How to file for disability, Filing for SSI

A lot of people get confused on what a "social security doctor" is. The point of this post is not to define this term, but let me do so anyway before I proceed. There are basically three types of doctors as they relate to the processing of a Social Security Disability or SSI claim in South Carolina.

The first type is your own doctor, otherwise known as a treating physician. This doctor, obviously, can be very important to your claim because he or she will supply medical records to the social security administration and may possibly supply, at the time of a hearing, a medical source statement, a.k.a. an RFC (residual functional capacity) form on your behalf (usually your disability representative or disability attorney will attempt to obtain one of these statements for your case).

The second type is a private practice physician who conducts consultative medical exams for the social security administration. This doctor is often referred to as a "social security doctor", but he or she does not work for SSA. This doctor has simply agreed to take CE, or consultative exam, appointments.

A consultative exam, by the way, is usually scheduled when A) a claimant has alleged an impairment on the disability application that they have not been treated for (depression is an excellent example of this), or when B) a claimant has not received treatment for a condition for a certain length of time (usually 90 days, but I've scheduled exams when a claimant's last doctor visit was 60 days back).

Now, the third type of doctor, as it relates to the Social Security Disability and SSI claim system, is the DDS unit medical consultant. I say "unit" because this doctor is actually attached to a processing unit full of disability examiners, a case consultant/assistant unit manager, and a unit manager. This doctor is the only one of the three who could correctly be categorized as the "social security doctor".

What does this doctor do? Pretty much what a disability examiner does. He or she sits in an office all day long reading medical records and deciding what a claimant's residual functional capacity should be, based on the functional indications presented by the medical records. The unit medical consultant does not actually make the decision on an SSD or SSI case...but he does have final say on what the claimant's RFC rating is. So, in a sense, he does make the decision. If you're confused at this point, let me elaborate:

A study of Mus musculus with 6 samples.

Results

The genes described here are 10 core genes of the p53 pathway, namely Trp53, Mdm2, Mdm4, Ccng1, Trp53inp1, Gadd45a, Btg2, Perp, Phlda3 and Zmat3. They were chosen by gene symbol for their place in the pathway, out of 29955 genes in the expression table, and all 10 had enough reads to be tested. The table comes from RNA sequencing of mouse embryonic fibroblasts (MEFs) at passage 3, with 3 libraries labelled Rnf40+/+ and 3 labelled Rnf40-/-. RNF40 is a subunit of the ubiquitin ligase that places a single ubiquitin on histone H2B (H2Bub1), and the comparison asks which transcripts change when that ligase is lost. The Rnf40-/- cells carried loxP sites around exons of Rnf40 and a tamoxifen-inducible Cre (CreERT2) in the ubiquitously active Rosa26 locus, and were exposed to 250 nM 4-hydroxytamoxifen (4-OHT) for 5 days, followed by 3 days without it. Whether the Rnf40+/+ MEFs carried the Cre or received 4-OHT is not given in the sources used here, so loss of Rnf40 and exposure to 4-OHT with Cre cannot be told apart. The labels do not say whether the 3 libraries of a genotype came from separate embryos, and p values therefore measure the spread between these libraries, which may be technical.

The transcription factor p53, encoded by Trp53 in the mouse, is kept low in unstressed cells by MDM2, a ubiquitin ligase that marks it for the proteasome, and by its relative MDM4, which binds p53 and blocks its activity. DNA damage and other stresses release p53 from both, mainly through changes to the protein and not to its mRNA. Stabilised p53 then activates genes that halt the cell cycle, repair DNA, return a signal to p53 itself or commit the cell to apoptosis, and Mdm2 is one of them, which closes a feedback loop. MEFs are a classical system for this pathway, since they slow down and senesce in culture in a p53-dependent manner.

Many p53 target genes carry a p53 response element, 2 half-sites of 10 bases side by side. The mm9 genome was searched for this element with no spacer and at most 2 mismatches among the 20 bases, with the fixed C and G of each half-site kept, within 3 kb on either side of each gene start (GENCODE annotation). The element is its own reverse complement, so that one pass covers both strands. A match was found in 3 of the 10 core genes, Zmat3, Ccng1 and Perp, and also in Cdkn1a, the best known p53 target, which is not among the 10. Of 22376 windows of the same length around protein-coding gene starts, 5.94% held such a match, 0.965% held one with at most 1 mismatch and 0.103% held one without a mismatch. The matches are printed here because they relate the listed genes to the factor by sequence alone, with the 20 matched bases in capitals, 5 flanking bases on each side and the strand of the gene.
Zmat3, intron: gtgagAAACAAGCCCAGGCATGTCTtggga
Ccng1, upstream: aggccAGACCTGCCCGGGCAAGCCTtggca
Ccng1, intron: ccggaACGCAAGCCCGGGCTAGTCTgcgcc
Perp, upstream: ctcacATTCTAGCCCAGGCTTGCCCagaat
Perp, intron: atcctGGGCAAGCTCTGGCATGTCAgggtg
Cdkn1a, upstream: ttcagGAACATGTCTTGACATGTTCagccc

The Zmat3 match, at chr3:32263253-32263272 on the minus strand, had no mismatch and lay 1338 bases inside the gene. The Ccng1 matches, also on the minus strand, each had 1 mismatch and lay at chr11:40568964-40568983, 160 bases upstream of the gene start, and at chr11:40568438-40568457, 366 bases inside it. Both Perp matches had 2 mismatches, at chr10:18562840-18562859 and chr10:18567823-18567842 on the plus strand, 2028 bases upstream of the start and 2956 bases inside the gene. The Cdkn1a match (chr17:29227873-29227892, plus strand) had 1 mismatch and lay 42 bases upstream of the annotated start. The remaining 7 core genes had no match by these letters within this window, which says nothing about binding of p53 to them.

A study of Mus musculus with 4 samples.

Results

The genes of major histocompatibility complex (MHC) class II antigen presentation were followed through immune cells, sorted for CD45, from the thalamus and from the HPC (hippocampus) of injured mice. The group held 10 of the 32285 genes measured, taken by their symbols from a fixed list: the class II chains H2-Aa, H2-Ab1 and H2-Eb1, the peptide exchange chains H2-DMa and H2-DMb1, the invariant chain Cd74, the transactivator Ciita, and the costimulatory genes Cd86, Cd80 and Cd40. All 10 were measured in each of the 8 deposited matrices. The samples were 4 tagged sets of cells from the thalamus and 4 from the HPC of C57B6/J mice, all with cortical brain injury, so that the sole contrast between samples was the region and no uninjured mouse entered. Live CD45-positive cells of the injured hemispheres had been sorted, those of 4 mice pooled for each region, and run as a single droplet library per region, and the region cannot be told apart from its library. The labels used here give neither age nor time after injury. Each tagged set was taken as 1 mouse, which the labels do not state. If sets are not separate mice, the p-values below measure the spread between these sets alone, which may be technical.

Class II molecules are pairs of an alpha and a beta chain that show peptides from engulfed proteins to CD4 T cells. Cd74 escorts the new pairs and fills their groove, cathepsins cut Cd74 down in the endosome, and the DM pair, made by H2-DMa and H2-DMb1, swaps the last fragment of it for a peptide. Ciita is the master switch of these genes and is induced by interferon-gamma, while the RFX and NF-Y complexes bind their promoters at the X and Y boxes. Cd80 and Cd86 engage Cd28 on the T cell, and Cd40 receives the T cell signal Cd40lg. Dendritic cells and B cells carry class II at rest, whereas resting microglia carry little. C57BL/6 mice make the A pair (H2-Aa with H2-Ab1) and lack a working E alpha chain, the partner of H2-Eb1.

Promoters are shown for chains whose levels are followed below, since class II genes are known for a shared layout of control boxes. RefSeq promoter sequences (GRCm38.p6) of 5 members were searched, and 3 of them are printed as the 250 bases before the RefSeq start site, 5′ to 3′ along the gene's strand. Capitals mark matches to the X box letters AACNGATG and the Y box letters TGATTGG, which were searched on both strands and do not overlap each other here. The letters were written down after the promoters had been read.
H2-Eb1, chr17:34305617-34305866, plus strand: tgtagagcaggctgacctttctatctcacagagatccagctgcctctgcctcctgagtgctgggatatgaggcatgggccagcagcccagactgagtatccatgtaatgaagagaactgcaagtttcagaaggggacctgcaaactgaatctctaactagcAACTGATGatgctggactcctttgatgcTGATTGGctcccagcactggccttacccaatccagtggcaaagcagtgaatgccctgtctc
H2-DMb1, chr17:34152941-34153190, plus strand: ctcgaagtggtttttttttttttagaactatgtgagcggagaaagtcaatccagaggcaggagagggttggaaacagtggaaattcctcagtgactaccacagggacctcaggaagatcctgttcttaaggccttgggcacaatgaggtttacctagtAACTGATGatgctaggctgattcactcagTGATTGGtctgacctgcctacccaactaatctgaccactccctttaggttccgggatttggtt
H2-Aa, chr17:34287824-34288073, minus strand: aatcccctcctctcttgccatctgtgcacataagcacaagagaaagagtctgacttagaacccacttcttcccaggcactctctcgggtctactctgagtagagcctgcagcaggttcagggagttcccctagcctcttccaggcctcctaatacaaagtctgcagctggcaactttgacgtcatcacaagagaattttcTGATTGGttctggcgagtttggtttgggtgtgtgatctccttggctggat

1. The disability examiner gets all the medical records together, reads them, makes notes, and then, at some point, does a writeup. This is sort of "the pre-RFC".

2. Then the examiner takes the writeup and a completed RFC form in to his unit medical consultant. Depending on how busy the doctor is, he either sits there with the doctor and discusses the case, or he leaves the writeup with the doctor.

3. Next, the unit medical consultant will do his own writeup, this time on an actual RFC form. Most of the time, the doctor will agree completely with the examiner's assessment. Sometimes, the doctor won't. Either way, the outcome of the case depends on the doctor's assessment of the claimant's residual functional capacity. And that's reasonable. After all, the doctor is a doctor, and the examiner is not a doctor.

Now that we've gotten that terminology out of the way, we're finally on the actual point of this post. In this post, I simply wanted to make some comments regarding DDS medical consultants (social security doctors) since this subject was lately on my mind. However, due to the amount of material in this post, that will now be part 2, soon to follow.


The goal of the site is to provide information about how Social Security Disability and SSI work, the idea being that qualified information may help claimants pursue their claims and appeals, potentially avoiding time-consuming mistakes. If you find the information on this site helpful and believe it would be helpful to others, feel free to share links to its homepage or other pages on website resource pages, blogs, or social media. Copying of this material, however, is prohibited.

To learn more about the author, please visit the SSDRC.com homepage and view the "about this site" link near the bottom of the page.